I decided to single out the quiche in this week's Don't Call Me Chef (Singled Out) — the link will be up asap — because, well, its a dish that deserves the spotlight.
I remember the first time I tasted quiche. I was 27 and my boss at the time took a group of us out for lunch at her favourite cafe. I scanned the menu and couldn't decide what I wanted. I then glanced at the array of tea time treats at the counter and this lovely tart caught my eye. I had no idea what it was. I spied mushrooms and onions and I saw the lovely crust. I wanted that! I ate that!
It was love at first bite. Not surprising since I love eggs and cheese and a nice, buttery crust!
I've loved quiche ever since. Love it so much, I was determined to learn to make quiche so that I could have it anytime a craving hit.
So anyway, in the name of research for my article, I rolled out a whole bunch of quiches. I wanted to experiment with crusts (I made a shortcrust, a rough puff pastry and thin breadcrumb crust as well — more on this later).
I also wanted to test the versatility of the quiche — using an array of ingredients not usually used like artichoke and beetroot. I also made a three-cheese quiche. And then I made a mushroom one, a broccoli quiche and finally one with tomatoes — oven roasted, of course.
I only had two pie dishes so I baked one in a rectangular cake dish. Turned out nice!
I didn't make it all at one go, of course.
Here's what I discovered in the process:
* Bake the quiche in the lower rack of your oven so the crust at the base can cook through without browning the top of your quiche.
* Beetroot is a delicious filling. Plus, the pink is so pretty, albeit a little unsettling at first!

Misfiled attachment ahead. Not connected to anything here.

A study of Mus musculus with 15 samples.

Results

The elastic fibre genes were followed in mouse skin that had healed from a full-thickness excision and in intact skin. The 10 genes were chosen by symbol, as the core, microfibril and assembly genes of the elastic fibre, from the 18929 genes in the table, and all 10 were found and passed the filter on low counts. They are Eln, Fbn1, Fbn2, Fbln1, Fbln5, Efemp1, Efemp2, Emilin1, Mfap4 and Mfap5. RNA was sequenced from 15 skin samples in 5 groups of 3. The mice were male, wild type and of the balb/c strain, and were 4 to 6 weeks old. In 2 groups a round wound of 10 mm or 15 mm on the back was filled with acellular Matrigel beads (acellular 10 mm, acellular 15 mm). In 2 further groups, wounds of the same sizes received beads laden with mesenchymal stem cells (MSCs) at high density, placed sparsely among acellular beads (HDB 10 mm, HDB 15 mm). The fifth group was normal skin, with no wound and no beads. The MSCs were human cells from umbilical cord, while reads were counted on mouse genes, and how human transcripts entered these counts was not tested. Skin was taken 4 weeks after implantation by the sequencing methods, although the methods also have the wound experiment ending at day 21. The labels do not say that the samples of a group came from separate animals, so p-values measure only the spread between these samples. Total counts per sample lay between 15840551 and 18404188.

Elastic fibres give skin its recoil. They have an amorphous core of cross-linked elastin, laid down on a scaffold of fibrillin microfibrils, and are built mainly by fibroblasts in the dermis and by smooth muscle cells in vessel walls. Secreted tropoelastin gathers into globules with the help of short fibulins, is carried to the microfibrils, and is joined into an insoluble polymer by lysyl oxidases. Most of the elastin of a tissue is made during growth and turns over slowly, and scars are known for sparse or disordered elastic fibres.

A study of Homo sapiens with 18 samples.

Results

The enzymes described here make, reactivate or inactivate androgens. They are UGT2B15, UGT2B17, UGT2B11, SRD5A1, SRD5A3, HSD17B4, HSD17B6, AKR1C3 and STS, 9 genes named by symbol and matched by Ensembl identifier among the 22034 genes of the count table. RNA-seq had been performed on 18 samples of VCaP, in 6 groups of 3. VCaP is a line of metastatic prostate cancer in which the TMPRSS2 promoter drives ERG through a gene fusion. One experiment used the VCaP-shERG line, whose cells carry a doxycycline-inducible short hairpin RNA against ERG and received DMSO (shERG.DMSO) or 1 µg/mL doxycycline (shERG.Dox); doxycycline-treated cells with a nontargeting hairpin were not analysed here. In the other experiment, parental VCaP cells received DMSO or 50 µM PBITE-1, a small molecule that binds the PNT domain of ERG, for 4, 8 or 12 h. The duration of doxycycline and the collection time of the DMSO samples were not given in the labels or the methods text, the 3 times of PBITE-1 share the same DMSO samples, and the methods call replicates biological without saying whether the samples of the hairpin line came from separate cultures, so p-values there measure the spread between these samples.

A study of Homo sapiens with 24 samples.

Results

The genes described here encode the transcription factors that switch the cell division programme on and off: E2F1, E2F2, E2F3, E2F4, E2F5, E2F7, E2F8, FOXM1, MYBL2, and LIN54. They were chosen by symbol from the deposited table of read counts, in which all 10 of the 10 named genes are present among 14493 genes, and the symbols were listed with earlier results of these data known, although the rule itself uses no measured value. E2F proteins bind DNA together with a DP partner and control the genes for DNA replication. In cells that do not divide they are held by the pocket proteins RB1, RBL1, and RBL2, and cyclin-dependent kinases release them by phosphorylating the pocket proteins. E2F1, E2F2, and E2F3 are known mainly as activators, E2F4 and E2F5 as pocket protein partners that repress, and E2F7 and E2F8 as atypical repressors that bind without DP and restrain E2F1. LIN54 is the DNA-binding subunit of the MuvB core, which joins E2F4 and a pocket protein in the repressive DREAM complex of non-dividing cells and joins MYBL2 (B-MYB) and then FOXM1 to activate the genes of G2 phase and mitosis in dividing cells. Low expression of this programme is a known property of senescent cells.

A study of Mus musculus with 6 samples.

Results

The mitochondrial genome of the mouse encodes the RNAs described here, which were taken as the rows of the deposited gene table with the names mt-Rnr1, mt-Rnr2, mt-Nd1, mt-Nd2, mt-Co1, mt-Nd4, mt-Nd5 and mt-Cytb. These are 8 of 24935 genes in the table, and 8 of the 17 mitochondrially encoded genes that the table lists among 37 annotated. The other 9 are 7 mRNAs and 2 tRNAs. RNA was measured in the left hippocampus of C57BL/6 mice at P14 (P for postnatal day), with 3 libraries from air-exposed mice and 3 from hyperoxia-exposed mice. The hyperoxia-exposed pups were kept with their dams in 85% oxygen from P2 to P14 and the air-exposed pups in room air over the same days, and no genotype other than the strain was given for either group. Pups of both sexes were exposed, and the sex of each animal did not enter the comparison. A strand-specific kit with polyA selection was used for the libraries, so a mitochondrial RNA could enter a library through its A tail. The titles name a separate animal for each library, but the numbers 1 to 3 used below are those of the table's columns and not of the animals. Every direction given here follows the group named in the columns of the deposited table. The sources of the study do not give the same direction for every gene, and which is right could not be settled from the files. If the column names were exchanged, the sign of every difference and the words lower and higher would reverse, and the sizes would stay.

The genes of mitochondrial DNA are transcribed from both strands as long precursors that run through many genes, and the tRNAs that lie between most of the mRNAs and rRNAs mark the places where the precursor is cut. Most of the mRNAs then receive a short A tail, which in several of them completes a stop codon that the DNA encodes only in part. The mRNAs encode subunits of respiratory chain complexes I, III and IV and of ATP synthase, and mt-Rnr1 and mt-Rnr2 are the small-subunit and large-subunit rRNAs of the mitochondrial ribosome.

* A shortcrust that combines both plain and wholemeal flours is really incomparable.
* When baking an all-cheese quiche, hold back on your seasoning as the cheese are salty enough. A little pepper is all you need. Also, I'd suggest Mozzarella or Gruyere as the primary cheese and Parmesan as the secondary one. (use 2/3 mozzarella/Gruyere and 1/3 Parmesan).
* Milk is a good substitute for cream.
Here's the basic recipe for the wholemeal shortcrust (my favourite) and one for the egg custard.
300g flour (200g plain flour and 100g wholemeal)
150g cold butter
pinch of salt
4-5 tbsp ice cold water
Sift the flours and the salt. Using a knife, cut the butter into the flour into small pieces so that it is well coated with flour. Then using your fingers, rub the butter into the flour till the mixture resembles coarse breadcrumbs.
Add the water, a little at a time, until a dough forms. Be careful not to overwork the dough. Form into a disc, wrap with clingfilm and chill for at least 30 mins.
Remove the chilled dough from the fridge and using a rolling pin or your palms, flatten it into a circular sheet, about 1/2 cm thick. Transfer onto your fluted pie plate/dish and press the dough gently in. Trim the edges.
With a fork. puncture the base all over. Line the base with baking paper and then weigh it down with some uncooked beans or a oven proof dish.
Bake in a preheated oven (180C) for about 20 mins. Remove the beans/paper and bake for another 5-10 mins.
1 cup milk/cream
1/2-3/4 cup cheese(mozzarella, Gruyere, emmentel, cheddar or a combination) + extra for garnish
Beat the eggs with the milk/cream and add the cheese. Season.
Prepare the filling. If you're using a filling that is high in moisture like mushrooms or onions, it's better to cook them lightly on the stove top first to draw out the moisture a little.
Once the pastry has been blind baked, remove from the oven and arrange the filling in the shell. Pour the custard to cover the filling and garnish with cheese.
Bake for 35-50 mins (lower rack please!)